We live in an increasingly post-Christian culture. For many, "holy buildings" can be intimidating. Rather than ask people to "come to us," many churches now "go to them." More and more churches are launching in rented spaces, such as a school room, a mall storefront, a downtown community center, a movie theater, or the living room of someone's home.
What is lost—and what is gained—in leaving behind traditional worship spaces? What does the increase in alternative gathering spaces reveal for the future of the Church? We invited Patheos bloggers to reflect on the shifting church and worship landscape as part of our special Symposium on Non-traditional Church: Trends for the Future.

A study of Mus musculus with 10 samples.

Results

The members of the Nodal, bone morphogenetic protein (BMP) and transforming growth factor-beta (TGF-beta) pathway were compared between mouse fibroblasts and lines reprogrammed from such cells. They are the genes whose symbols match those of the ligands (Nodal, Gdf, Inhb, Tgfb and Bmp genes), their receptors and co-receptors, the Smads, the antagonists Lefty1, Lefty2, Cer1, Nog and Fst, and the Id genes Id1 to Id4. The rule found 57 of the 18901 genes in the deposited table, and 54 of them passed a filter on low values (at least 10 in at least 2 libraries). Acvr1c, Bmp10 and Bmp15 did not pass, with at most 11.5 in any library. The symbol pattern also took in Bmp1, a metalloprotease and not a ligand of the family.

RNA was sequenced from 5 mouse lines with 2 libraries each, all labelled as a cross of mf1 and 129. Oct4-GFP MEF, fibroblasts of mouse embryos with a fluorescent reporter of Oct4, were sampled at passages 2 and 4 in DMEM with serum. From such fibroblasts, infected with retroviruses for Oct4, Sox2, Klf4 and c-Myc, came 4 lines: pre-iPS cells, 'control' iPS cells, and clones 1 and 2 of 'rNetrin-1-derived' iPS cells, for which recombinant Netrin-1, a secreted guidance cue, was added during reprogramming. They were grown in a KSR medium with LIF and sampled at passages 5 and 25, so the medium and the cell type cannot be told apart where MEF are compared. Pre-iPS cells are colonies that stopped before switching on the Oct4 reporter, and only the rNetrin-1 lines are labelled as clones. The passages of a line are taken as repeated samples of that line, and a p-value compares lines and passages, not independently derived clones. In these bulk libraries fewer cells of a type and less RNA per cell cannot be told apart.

Symposium sponsored by Regal Theatre Church.
Scott Cougill, CEO, Portable Church Industries
How can churches quickly and effectively launch new campuses and new churches when the costs, upkeep, and space limitations of permanent campuses sometimes get in the way?
Regal Theatre Church
Questions about Theatre Church? Find out more about at their website here!
In a sense, a movie theater is like a second church to me. In it, I've been transformed. I've been challenged. I've been moved.
Paul Louis Metzger
In the Bible, locations and structures mean something. What is your facility saying?
Church (healthy ones, anyway) offer what consumable art or media cannot offer in the same way: community, relationships, accountability, friendships.
The U.S. churches future is still uncertain; what is certain is that, what it once was, it will never be again.
This second decade of the 21st century is, I think, offering American Christians the opportunity to mature and integrate some of the discoveries of the last decade more deeply into our DNA.